A few weeks ago, in Repurposing Containers, I confessed that in the past I’ve had a bit of an addiction to resealable plastic baggies for organization and food storage. Today, I have widely replaced them with better alternatives in my home. For example, I’ve made beeswax food wraps in various sizes for wrapping up a sandwich for lunch, or covering bowls in the refrigerator. Still, these baggies remain in use from time to time. In keeping with the 5 Rs, we do our best to wash and reuse them when we have to use them at all.
My mother in law washes most of the dishes in our home, as well as baggies and jars, and I see her exasperation with my “hippie” ways. She grew up, poor, in remote Alaska, and reusing items was essential to surviving. It was a real celebration when she reached a point in her life where she had the luxury of single use items and the reduced work that comes from a modern lifestyle, and she’s not keen to return to the old ways.
I understand her perspective. It is a bother to take something we’re used to chucking in the trash without a second thought, and, instead, set it aside to later wash, dry, fold, and replace in the drawer it came from in the first place. Hanging laundry outside to dry, item by item, then fetching it later is also a bother. Heck, we’re American, and Americans don’t need to be bothered with something so trivial. Funny, how these messages are absorbed over decades.
When I weigh her perspective against messages of conservation, I realize the key to moving forward together is understanding that while it seems that we have a choice as to whether we participate in the 5Rs, the truth is that we do not. Her generation celebrates a move from poverty to prosperity. I want to acknowledge and celebrate our prosperity as well. However, for the last century, that prosperity has been celebrated with a pillaging of resources and peoples at such a pace that we will soon reach a point of no return. We will once again have to conserve in order to survive. Many argue that it’s already too late.
In another example, I recently read that many cities and HOAs have laws against hanging laundry outside to dry. Why? Because it looks “trashy” and people believe it brings down property values. Okay, sure, I don’t want to see other people’s undies flapping in the breeze when I look out my window. However, there are other things I want to see even less: dead landscaping from global-warming-triggered drought. A lack of happy birds, frogs and other native wildlife. Smog. So yeah, I can deal with the undies in the name of taking care of the planet .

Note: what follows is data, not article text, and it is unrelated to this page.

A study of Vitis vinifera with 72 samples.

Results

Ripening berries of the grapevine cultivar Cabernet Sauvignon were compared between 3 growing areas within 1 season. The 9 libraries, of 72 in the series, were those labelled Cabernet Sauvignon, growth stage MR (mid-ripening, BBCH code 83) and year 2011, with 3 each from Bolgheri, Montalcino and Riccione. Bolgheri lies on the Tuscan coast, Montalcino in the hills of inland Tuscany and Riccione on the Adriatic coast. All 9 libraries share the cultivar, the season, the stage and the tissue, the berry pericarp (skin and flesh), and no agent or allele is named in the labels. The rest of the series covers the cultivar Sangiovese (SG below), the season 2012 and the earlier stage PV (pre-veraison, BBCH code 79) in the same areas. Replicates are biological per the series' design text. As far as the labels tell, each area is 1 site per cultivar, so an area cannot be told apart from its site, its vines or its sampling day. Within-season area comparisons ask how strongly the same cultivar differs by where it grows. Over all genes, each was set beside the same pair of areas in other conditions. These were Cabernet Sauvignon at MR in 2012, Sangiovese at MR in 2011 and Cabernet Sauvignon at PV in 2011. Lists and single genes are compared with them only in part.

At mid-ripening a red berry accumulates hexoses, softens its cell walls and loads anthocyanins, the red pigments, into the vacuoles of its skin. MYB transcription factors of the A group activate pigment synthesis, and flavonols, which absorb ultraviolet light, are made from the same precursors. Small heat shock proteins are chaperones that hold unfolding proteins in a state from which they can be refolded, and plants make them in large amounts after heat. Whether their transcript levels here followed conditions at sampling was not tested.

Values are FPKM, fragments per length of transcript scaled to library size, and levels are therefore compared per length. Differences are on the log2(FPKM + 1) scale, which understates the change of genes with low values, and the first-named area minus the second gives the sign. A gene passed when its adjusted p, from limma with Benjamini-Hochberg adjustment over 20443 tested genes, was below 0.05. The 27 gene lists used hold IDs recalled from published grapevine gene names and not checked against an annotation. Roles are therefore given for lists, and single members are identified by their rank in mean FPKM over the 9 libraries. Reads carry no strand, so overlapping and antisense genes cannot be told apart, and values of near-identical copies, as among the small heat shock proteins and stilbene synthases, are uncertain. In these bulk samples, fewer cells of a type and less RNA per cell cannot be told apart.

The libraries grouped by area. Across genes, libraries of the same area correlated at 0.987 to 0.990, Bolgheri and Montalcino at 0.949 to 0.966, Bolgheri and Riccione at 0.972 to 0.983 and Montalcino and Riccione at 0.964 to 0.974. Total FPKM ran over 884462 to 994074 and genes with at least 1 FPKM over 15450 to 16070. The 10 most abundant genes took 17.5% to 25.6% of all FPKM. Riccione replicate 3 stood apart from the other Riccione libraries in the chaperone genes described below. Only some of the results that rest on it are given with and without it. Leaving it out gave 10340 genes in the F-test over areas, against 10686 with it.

And as far as the bother goes, if I’m not washing out a plastic baggie, or fetching dried laundry from the line, what other more noble task would be occupying my time? Fail videos on You-Tube? Shopping for things I don’t need? Truth is, many of us who feel that we’re unbearably busy are simply wasting gobs of time on digital media, living further than we should from work and getting stuck in commutes, and other things that reflect more of a lack of priorities than tasks we simply cannot avoid doing. Besides, if I’m standing at my sink washing something, I’m also looking out my window at my yard and enjoying the abundance of native wildlife that finds sanctuary here. Or if I’m bringing in the laundry, I’m doing so only after burying my face in a bath towel and deeply inhaling the beautifully fresh and natural scent that a dryer sheet cannot emulate. This appreciation of the “small things” is what minimalism is all about, and illustrates how paths of minimalism and conservation frequently wind together. What is it all for if not for these moments, these treasures?
What other “single use” items get reused in my home? Once you learn the best way to get all of the remains of peanut butter out of an Adams peanut butter jar, they’re easy to wash and take to the grocery store to be refilled with freshly ground peanut butter. (I’m anxiously waiting for my local store to offer freshly ground organic peanut butter!) The plastic produce baggies that invariably find their way into my home get stuffed back into our reusable shopping bags for the next trip to the store. Spice bottles are a cinch to remove the label*, wash out, and take back to the store for a refill in the bulk section. Mrs. Myer’s Clean Day dish soap bottles are fantastically squirty and durable, and I like to keep one in the shower with my diluted Dr. Bronner’s liquid castile soap for easy dispensing onto my loofah.
There’s not a whole lot else to write about this, as it’s one of the easiest of the 5Rs if we can get over the messages of prosperity we’re conditioned to believe. Look at that disposable thing in your hand that you weren’t able to refuse or reduce. Ask yourself if you can wash it and use it again for the same purpose. Chances are, you can! Easy peasy.
Next week we’ll take a look at repurposing — how it differs from reusing, how it flexes our creativity muscles, and how it’s key to being good stewards of our earth.
Read the next post in this series, Repurpose.
*Pro tip: if jar labels won’t come off cleanly, don’t lose your sanity or resort to toxic store-bought goo removers. Instead, soak the jar in some hot soapy water, peel or scrape as much of the paper off as you can with a butter knife, and then mix up 2 teaspoons baking soda with 1 tsp cooking oil. This paste easily scrubs off the remaining gunk.